November 24, 1999

The Top Shelf:

Half-Life: Opposing Force

by Noel "HB" Wade




ake one highly successful game. Extract its core technology, backdrop, and feel. Add in a decent amount of new talent. Liberally sprinkle in some of their new views and insights. Shape into a fairly decent story. Mix thoroughly together and let simmer for a year. With this recipe, is it any surprise that the result is a real taste treat? Actually, while its no surprise that it’s good – it is a mild one at just how nice Half-Life: Opposing Force turned out!

As you probably already know, you play the role of Corporal Shepard – a fairly new face among the ranks of the armed services. You were one of the guys sent in during Half-Life to find and stop Freeman – and make sure that no one got out alive. Of course, you’re not REALLY a bad guy in all of this – and, thankfully, you don’t seem given over to the task of playing a marauding soldier who goes around killing scientists at random (as the military seemed to do in Half-Life). As with all things, disaster will strike, and you find yourself in more of a desperate situation – where your goal is to get out alive; and escape the horrors of Black Mesa (sound familiar?).

click to enlarge!

You're on the opposite side this time around (30k)

Before I begin talking about the game, let me point out a small detail that many people might overlook. The “Hazard Course” in the main menu has been replaced with “Boot Camp”. I highly recommend playing that, because while some things will be just like the hazard course, there are many new game-play elements (and hearing the drill instructors throughout the course is hilarious. “Full Metal Jacket” fans will smile at the references and tributes paid to that movie in this area). After you’re done being a “maggot” (trainee) in what has got to be the shortest boot camp a soldier has ever gone through (though for the purposes of the game, its perfect), you’ll be ready to hop into the single player game.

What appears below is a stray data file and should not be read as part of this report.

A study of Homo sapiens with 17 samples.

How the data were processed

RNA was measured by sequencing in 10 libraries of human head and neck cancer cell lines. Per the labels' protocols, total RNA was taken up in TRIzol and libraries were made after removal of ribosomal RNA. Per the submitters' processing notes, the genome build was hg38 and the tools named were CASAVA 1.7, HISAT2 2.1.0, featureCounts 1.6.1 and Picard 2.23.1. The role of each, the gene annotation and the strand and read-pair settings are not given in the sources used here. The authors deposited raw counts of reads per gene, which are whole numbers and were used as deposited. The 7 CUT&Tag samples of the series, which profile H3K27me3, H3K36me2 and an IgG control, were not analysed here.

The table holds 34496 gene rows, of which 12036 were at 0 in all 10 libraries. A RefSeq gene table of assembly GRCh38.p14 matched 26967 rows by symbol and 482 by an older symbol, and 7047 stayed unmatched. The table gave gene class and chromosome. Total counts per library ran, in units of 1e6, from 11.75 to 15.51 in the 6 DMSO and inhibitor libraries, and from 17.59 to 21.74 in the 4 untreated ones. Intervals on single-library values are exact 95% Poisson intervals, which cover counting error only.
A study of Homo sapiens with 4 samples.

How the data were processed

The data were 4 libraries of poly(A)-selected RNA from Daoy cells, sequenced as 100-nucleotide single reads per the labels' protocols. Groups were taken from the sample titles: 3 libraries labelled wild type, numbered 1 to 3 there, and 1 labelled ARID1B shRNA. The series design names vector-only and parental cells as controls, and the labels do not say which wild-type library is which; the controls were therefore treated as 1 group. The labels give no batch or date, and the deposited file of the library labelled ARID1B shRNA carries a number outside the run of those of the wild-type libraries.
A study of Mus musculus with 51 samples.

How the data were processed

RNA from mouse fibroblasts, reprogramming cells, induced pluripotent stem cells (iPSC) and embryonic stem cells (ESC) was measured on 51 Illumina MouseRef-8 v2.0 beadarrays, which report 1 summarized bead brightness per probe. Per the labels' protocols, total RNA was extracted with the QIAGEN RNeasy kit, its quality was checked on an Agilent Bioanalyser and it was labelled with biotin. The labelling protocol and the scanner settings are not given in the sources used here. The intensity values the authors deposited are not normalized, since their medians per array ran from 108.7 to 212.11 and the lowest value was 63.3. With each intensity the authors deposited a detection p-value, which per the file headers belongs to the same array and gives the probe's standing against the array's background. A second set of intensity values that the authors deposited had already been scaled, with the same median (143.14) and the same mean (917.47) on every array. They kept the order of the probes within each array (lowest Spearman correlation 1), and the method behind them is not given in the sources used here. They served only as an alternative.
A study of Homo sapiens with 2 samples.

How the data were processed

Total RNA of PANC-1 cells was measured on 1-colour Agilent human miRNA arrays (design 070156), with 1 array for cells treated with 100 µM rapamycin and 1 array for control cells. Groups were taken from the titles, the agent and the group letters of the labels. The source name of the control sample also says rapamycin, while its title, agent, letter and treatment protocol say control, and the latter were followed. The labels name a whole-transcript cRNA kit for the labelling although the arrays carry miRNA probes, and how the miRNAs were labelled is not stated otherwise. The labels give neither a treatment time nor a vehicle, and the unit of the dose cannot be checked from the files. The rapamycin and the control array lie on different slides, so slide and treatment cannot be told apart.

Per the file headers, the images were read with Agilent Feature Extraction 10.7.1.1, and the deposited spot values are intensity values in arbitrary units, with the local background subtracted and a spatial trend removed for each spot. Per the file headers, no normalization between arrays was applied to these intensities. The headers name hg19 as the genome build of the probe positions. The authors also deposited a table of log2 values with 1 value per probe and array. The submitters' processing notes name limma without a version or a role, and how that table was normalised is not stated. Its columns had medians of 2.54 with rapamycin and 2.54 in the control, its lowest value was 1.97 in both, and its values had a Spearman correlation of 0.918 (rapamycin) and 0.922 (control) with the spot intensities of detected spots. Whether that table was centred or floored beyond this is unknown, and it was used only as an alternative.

Oh, you want to know about the what? The multiplayer aspect? Well, if that’s all you’re interested in – then skip to the bottom of the article. Are you sure you’re playing the right game if you’re asking me that? Let me tell you something right now – to skip the single-player part of this game is as much a travesty (and an affront to all of the hard work that the Gearbox team put in) as it is to skip the single-player portion of Half-Life itself! This isn’t just a fancy, commercial mod – this game truly is an extension, and a new chapter/story in the Half-Life universe.

Okay, the single-player game then... The story starts out with a nice intro. sequence that fully immerses you in that “Half-Life mood”. I’m not going to describe even one bit of it in detail; because I don’t want to spoil ANYthing – but I will say that right from the start, you will see (if you look in the right directions at the right time) that the Gearbox folks put in as many touches and locations from Half-Life as necessary to make you believe that you really are “back” at the Black Mesa labs. Of course, in these type of games nothing ever gets good until disaster strikes – and that’s precisely what happens. You’ll be treated to a few more scenes, and then you’ll black out. The whole sequence is much shorter than Half-Life’s – which, while revolutionary for its time, does tend to get old after playing the game through several times. AND, being an expansion pack, its nice to see that they didn’t waste any time – just set up the story, mood, and backgrounds; and then dump us players into the action.


You’ll come to in a makeshift medical area; with refugee scientists trying to administer first-aid (the sequence that happens as you fade into consciousness is hilarious, and well done) – as well as check out the “crab-creatures”. Scientists and their undying curiosity... sheesh! Anyways, just as Gordon had to get his HEV suit, you’ll need to grab a similar device for Shepard – before you can claw your way out of the Mesa. The device is a little less believable than Half-Life’s HEV suit; but it works, and doesn’t distract you from the game-play by wondering about armor/shields. Almost immediately, you’ll be introduced to one of the “Otis” characters. He’s the new security guard type of character that you’ll run into. Even more humorous than the original Barneys, “Otis”es will also come in handy – as their Desert Eagle .357 pistol is accurate and deadly (and ammo for your own Eagle pistol is a little on the rare side, especially in the beginning of the game). Just don’t stand in front of him while he’s shooting, okay? He’s a little trigger-happy when monsters are around.